20 September 2017

Uganda: The Museveni Harvest Season Has Corrupted National Psyche


In Chinua Achebe's Things Fall Apart, there is an Igbo saying that "when mother cow is chewing grass, its young ones watch its mouth."

The wisdom behind this saying is that young ones will learn eating - voraciously, gobbling, or calmly - from the matriarch.

There is a meek version of this proverb among the Bantu talking about mother-bird teaching her nestlings to fly. I prefer the Igbo one.

To put the recent judiciary's industrial [sic] strike in context, one has to begin from the position that Yoweri Museveni's ongoing presidency (and his 1981-1986 war veterans, their spouses, broods and footmen) has been a sweet season of harvest.

To paraphrase Michela Wrong, it has been "a time to eat!" And chewing they have chewed! But because the gardens belong to all of us, it is difficult to just sit by and watch without helping ourselves!

Despite the dangers of understanding through analogy, comparative criticism remains very attractive. Indeed, against a Museveni presidency, the critique of the previous regimes - especially Milton Obote and Idi Amin - has been succinctly made: Ineffective. Authoritarian. Swine. Murderers.

However, what the mendacious chroniclers of our history will not tell you is how much these two 'dullards' contributed or did not destroy under the circumstances of their time.

With land and property being the hottest items in town, let's fancy an investigation. It is well documented that the upscale locations of Kololo and Nakasero were never private estates.

The land and buildings there were public assets housing senior and middle-rank staff of parastatals including Uganda Electricity Board, Uganda Railways Corporation, Coffee Marketing Board (CMB), Uganda Television (UTV), Radio Uganda, etc.

For parastatals which engaged in value addition outside Uganda, property was never rented but owned. For coffee that crossed Kenyan territory with key stops in Nairobi and Mombasa, CMB owned almost entire streets in Nairobi and Mombasa, housing both senior and junior staffers, factory hands and warehouses.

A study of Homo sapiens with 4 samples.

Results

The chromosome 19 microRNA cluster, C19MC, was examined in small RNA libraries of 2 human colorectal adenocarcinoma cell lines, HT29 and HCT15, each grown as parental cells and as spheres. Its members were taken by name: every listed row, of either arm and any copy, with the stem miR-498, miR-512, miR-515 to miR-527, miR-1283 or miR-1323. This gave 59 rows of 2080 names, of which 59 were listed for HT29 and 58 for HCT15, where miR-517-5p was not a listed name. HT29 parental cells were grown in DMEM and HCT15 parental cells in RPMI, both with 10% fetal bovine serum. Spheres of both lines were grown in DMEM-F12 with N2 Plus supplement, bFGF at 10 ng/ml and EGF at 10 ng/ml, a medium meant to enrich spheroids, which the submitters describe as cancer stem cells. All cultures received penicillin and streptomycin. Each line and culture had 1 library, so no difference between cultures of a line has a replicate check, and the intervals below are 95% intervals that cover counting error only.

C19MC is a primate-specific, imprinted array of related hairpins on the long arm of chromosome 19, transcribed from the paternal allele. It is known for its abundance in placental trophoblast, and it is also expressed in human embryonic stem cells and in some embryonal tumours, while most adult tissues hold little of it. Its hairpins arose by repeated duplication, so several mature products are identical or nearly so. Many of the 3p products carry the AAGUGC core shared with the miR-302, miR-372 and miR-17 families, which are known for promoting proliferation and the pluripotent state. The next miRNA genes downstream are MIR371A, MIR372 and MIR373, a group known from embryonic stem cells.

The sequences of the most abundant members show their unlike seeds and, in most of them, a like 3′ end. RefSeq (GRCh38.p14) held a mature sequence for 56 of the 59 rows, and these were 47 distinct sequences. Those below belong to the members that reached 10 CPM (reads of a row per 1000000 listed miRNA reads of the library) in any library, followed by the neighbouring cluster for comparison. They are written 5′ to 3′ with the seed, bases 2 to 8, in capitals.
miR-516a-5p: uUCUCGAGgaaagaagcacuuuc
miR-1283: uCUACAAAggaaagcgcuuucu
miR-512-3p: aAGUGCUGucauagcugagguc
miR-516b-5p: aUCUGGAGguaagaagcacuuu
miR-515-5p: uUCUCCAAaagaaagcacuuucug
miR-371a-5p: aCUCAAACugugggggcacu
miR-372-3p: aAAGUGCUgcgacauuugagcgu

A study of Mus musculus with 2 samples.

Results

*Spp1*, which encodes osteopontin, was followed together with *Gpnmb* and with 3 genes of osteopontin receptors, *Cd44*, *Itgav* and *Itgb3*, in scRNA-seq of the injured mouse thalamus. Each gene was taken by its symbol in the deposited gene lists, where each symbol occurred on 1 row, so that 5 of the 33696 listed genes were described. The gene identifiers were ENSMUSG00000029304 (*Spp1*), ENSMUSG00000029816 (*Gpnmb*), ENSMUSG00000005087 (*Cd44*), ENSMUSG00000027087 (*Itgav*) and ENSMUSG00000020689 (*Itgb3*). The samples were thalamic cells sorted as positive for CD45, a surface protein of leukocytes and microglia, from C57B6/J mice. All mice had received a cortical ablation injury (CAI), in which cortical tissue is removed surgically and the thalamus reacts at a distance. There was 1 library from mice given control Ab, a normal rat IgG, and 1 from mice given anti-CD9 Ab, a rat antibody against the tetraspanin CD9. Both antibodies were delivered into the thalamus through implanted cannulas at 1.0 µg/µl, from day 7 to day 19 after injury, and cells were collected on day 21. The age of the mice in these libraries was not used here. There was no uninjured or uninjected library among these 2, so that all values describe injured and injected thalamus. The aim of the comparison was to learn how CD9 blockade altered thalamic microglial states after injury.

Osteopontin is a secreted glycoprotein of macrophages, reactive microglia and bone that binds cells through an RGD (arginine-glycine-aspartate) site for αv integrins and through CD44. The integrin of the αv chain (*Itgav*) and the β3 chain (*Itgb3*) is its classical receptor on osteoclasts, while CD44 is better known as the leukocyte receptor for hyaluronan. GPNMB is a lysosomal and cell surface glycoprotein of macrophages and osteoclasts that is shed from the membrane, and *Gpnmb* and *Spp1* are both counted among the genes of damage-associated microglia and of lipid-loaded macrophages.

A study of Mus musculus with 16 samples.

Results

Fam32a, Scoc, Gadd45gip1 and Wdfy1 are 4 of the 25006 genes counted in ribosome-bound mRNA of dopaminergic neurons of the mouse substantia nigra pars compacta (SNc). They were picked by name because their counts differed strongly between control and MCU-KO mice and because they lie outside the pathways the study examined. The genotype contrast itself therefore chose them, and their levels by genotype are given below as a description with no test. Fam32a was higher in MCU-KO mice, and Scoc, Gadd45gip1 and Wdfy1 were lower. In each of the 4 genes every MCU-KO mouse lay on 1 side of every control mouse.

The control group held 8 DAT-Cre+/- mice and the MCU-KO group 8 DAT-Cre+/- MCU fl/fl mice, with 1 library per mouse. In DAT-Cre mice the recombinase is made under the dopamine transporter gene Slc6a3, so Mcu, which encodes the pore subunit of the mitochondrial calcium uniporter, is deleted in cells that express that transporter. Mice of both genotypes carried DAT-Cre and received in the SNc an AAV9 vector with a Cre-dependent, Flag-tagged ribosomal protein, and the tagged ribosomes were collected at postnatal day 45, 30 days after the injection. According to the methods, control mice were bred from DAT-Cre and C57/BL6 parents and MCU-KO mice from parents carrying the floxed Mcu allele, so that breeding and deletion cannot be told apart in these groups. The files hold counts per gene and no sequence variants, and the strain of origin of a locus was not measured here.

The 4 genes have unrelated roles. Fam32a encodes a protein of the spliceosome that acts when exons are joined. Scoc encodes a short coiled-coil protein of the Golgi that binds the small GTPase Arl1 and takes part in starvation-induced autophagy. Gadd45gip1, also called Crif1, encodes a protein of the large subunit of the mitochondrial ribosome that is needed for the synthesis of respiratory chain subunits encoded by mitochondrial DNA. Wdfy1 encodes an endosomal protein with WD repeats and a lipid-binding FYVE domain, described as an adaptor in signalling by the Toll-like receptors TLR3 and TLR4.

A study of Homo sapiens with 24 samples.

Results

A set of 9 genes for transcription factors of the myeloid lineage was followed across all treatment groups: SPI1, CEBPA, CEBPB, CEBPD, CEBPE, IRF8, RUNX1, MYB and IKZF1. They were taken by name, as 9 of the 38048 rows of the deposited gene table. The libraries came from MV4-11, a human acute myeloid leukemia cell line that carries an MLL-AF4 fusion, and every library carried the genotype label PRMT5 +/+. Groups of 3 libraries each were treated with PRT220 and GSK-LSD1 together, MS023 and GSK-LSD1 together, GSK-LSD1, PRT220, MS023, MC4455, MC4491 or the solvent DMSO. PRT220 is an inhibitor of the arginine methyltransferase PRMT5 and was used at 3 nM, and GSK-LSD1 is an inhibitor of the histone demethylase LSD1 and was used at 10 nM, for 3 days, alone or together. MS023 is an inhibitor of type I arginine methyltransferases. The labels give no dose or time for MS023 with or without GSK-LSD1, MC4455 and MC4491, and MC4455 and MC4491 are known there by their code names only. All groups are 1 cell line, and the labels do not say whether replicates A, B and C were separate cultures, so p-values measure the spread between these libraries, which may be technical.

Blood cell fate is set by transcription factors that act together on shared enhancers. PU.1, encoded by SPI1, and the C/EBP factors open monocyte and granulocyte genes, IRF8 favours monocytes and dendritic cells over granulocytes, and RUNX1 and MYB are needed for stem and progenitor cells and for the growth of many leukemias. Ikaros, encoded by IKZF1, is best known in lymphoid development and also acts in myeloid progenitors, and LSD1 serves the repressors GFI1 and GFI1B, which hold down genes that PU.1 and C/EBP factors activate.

For similar purposes, Uganda owned over ten houses in London. There was plenty of property in New York, Geneva and several other major cities where we had business interests and dealings.

Then came the season of the harvest. When our heroes had just returned from the bush, they were housed in hotels around town including Apollo, Fairway and Speke.

Quickly, some moved into residences in Kololo, which had fallen vacant after those who occupied them had fled. It was understandable then as many did not have residences and had just done the country a favour through sacrifice.

Soon, however, advantaging from the circumstances of their time, especially Structural Adjustment Programs, which also pitched privatization, our heroes and heroines started harvesting the country.

They started by arguing that parastatals owned too much property than they actually needed! Buildings were even expensive to maintain.

(Sadly, many parastatals now are in rented offices). Since some of the structures - for reasons of age and poor maintenance - had deteriorated, a private investor - often an NRA/M junkie - would be asked to carve off part of the land or utilize the structure for personal gain and, in turn, renovate the aged structure.

Uganda Railways, UEB, CMB, National Housing and most recently UBC were harvested under this arrangement. Continuing the harvest, these lucky 'palm wine drunkards' introduced a policy of selling parastatal houses to sitting tenants.

Recall that most of these had been occupied by them upon return from the bush. Oh boy, they harvested them on the cheap and, in some cases, sold them off immediately!

This is how senior citizens such as Amanya Mushega, Dr Ruhakana Rugunda, Eriya Kategaya, General Henry Tumukunde, Amama Mbabazi, Captain Francis Babu and several others acquired houses in the swankiest parts of Kampala.

Sometime in 2007, a bizarre story of presidential aide on political affairs, Moses Byaruhanga, appeared in the media. He had grabbed a Cotton House in Kololo (which had been occupied by some low-ranking officers, drivers or security guards), was on sale to a sitting tenant.

Insisting he was the sitting tenant, government sold it to him at Shs 250 million. The good politician rushed to Dfcu bank for a loan. A couple of weeks later, he sold the house at Shs 600m, cleared the loan, and walked away.

So, before we even consider public servants earning extortionist salaries (directors at KCCA, UNRA, URA, NSSF or MPs... ) as we debate the judiciary's strike, we have to appreciate a 1986 shift in national psyche towards public service. One quickly realizes the judges are simply latecomers.

The author is a PhD fellow at Makerere Institute of Social Research.